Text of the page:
Ultra-Long-Term Cyclability of Ge/C Nanocomposite Anode for Li-Ion Batteries

Wednesday, 8 October 2014
Expo Center, 1st Floor, Center and Right Foyers (Moon Palace Resort)
D. T. Ngo, S. W. Kim, and C. J. Park (Chonnam National University)
Germanium (Ge) is the potential candidate to replace graphite anode material for lithium ion batteries (LIB). Graphite has been used until now as a main anode material in LIB. However, its limited specific capacity cannot meet the world’s growing demand for energy. The volumetric capacity of Ge (7366 Ah/l) is relatively smaller than that of Si (8344 Ahl-1), but Ge has more advantage over Si: the diffusion coefficient of Li in Ge is approximately two orders of magnitude greater than that in Si, intrinsically electrical conductivity of Ge is four order higher than that of Si due to its smaller band gap, and the volume expansion during lithium insertion-deinsertion into Ge is smaller compared with Si. Despite these of promising characteristic, the capacity fading of Ge after some charge/discharge cycles is main problem to be addressed. To improve the cyclability of Ge most studies so far have focused on the use of buffer layer or reducing particle size of Ge. The use of buffer layer has negligible effect on specific capacity of Ge but it will improve significantly the performance of Ge at high rate of charge-discharge owing to improvement in mechanical properties, contact between active material with electrode, and diffusivity of Li.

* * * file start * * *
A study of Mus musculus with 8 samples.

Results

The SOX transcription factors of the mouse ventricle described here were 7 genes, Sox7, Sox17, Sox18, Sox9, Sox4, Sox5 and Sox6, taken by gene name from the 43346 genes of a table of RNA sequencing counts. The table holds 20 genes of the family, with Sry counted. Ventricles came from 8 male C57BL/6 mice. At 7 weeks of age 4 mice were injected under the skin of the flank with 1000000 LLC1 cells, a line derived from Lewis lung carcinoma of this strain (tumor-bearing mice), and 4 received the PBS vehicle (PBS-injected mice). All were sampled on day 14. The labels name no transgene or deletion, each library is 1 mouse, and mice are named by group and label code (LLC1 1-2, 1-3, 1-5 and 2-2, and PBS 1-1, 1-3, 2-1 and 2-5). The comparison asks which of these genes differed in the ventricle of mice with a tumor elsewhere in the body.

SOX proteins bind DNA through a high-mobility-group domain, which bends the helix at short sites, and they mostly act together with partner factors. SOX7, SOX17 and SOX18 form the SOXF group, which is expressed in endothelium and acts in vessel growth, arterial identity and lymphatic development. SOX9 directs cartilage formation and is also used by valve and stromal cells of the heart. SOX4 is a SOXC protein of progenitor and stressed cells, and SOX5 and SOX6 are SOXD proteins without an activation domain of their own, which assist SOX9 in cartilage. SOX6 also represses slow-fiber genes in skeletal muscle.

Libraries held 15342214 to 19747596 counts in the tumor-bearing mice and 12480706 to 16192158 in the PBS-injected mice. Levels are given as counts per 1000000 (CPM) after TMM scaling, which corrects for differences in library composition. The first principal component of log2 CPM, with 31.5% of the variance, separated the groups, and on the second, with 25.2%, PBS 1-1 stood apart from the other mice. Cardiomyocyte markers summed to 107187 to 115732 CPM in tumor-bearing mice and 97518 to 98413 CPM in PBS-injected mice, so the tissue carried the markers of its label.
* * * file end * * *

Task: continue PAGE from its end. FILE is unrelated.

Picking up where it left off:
In this study, we introduced a simple method for synthesis of Ge nano particles interconnected by carbon (GEC). The GEC electrode showed a high specific capacity up to 1339 mAh/g at the rate of C/2, after 50 cycles the specific capacity retained at value of 1321 mA h/g. Even with increasing the charge-discharge rate up to 10C, the specific capacity only decreased about 30 % compared with that at the rate of C/10. The excellent electrochemical performance of GEC electrode was not only due to the buffer layer of carbon but also the interface layer of Ge-carbon. The formation of Ge-C bonding at interface layer is believed to improve the contact between Ge and C, increase the stability during charge-discharge process and reduce stress tension during volume expansion.

The cyclic life of GEC electrode is under-investigation and it can be observed from its initial data that the electrode shows steady performance till the obtained data. However, further cycling data is necessary for making any stamen about the stability in its performance. The initial results demonstrate that the synthesized GEC can be used as an active Li storage material for lithium ion batteries.